As you may have read a few weeks ago, Celiac Disease has turned my cooking, eating, and food writing life upside down. I'm back to square one, learning all over again how to bake, grocery shop, and eat in restaurants. Avoiding gluten is much trickier than avoiding animal products.
For the first full week of the Vegan Month of Food, I've decided to celebrate foods that are naturally vegan and gluten-free: no altering, veganizing, or substitutions necessary. I'll attempt to rekindle my sense of self-worth in the kitchen (GF baking is not going well), and respond to those who declare, puzzlingly, that they "just don't like vegetarian food." (What these folks are really saying is that they lack imagination and are afraid of lentils; I wonder if they would refuse apple pie, or potato chips, or a bacon-free banana split.) This week I'll highlight autumn foods loved by even the most dedicated carnivores, foods that are easy to find or prepare, and which contain no meat, eggs, dairy, or gluten.
I'll begin with that October classic, homemade applesauce. Apple picking is my all-time favorite: nothing beats a cool fall day, kicking up the dry leaves between the rows of trees. Unfortunately, we've had some rainy weekends and haven't made it to the orchard yet. Instead, I picked up a a half-peck bag of MacIntosh at Saturday's rainy farmers' market (what crazy system of measurement is this?). Without a food mill, I'm peeling and coring and slicing by hand, so I make apple sauce in small batches. It requires no recipe, just a large pot, a vegetable peeler, a paring knife, and some patience.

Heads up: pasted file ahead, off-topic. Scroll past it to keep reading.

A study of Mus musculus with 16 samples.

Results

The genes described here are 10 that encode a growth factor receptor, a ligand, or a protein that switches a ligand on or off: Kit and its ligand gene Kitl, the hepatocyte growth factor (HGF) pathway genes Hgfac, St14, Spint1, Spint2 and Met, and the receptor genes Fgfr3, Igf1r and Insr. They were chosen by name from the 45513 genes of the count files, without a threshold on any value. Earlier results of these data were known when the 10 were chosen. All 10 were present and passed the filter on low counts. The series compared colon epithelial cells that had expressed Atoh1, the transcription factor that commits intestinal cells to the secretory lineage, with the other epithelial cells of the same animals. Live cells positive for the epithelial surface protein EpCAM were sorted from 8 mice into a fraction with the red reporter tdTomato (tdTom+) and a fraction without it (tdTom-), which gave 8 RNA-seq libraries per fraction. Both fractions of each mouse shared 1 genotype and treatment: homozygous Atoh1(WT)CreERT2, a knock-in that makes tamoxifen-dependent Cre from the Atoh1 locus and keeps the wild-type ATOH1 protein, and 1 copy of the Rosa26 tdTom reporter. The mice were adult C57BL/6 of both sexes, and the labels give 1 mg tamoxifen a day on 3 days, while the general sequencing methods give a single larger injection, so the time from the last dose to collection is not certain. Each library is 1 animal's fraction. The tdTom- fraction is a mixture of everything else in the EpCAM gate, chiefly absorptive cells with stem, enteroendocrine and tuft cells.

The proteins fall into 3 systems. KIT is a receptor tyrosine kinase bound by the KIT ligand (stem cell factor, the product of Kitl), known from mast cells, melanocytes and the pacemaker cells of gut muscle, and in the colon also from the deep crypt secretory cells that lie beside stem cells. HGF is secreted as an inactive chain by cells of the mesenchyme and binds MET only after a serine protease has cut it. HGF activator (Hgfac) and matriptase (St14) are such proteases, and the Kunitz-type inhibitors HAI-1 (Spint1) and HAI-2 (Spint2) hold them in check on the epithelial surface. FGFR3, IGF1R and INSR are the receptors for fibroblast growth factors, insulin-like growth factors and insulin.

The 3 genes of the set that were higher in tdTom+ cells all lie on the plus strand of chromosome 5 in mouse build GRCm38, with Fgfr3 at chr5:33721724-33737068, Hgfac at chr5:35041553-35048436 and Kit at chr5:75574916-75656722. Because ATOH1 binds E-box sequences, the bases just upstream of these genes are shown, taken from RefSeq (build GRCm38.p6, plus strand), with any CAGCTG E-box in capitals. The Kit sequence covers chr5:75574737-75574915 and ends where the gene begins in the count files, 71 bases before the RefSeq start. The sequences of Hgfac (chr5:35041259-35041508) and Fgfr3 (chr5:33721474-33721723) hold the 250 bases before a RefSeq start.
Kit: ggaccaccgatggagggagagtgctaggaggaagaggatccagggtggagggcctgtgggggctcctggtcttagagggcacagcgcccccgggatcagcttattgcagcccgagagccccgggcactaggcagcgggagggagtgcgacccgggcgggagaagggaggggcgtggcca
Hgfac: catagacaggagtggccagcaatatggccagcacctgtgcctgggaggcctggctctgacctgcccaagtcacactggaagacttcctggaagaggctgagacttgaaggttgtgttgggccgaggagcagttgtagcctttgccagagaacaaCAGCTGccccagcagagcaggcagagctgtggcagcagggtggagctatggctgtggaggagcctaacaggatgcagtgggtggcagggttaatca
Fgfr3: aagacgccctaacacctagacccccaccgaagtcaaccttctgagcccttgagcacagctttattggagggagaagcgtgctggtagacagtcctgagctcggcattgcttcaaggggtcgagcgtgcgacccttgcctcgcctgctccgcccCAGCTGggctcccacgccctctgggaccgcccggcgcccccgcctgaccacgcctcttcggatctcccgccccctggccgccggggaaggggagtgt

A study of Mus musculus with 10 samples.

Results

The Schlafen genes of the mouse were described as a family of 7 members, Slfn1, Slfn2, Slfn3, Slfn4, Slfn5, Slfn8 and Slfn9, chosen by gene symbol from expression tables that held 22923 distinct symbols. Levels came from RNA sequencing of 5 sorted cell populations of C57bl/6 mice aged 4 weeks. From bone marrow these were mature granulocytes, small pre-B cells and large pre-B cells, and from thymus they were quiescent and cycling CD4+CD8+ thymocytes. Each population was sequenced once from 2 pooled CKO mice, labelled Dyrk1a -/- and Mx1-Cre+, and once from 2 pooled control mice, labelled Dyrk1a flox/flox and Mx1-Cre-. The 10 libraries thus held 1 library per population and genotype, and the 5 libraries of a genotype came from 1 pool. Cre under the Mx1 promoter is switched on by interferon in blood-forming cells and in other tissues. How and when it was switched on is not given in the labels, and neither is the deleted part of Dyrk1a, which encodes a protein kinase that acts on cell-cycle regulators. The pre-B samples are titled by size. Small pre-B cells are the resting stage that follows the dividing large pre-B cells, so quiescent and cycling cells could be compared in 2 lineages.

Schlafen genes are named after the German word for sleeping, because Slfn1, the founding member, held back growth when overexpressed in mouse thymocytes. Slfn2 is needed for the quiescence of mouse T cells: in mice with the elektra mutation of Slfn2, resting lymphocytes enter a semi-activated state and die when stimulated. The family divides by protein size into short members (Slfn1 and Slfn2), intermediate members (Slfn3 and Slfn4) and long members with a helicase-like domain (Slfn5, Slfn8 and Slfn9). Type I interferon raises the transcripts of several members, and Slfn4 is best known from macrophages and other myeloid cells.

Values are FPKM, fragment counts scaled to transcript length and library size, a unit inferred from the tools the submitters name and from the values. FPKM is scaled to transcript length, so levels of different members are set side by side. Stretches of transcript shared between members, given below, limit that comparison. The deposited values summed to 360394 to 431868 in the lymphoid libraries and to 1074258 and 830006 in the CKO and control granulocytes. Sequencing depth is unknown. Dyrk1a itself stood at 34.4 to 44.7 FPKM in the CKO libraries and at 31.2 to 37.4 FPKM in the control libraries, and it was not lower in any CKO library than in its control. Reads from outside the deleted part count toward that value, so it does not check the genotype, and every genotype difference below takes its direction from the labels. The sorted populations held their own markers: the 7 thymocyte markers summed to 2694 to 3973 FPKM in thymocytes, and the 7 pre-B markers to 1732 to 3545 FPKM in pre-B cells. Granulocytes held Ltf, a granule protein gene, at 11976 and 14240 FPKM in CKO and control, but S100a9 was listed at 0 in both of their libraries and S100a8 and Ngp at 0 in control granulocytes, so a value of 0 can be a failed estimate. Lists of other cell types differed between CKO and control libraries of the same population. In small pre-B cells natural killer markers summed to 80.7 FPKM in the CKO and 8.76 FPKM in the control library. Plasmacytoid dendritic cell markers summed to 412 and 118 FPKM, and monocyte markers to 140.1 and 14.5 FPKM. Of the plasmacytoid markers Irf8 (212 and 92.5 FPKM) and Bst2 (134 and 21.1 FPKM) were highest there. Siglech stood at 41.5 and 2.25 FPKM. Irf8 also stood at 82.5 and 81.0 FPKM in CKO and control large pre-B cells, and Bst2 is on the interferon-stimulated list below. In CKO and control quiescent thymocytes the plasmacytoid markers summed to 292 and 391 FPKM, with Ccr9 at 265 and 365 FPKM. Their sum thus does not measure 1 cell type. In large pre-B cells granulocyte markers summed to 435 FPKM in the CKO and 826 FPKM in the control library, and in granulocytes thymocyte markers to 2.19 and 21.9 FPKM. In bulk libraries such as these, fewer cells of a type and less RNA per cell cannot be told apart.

I put the peeled and sliced apples in a large pot with 2 cups of water (you can use apple juice or cider, I was just being cheap) and a cinnamon stick. No sugar needed. I brought the water to a boil over medium-high heat, then covered the pot and reduced the heat to medium-low. Ten minutes later, I had steaming apple mush. I removed the cinnamon stick, took the pot off the stove, and went at it briefly with a potato masher. Voila! Local apple sauce that's cheaper, healthier, and tastier than store bought.
This made about 8 cups of applesauce. I froze most of it in two cup portions, which I'll bake with all winter. If you want applesauce for snacking or stirring into oatmeal, try tossing maple syrup, lemon juice, or other fruits into the pot (wouldn't pears be nice?).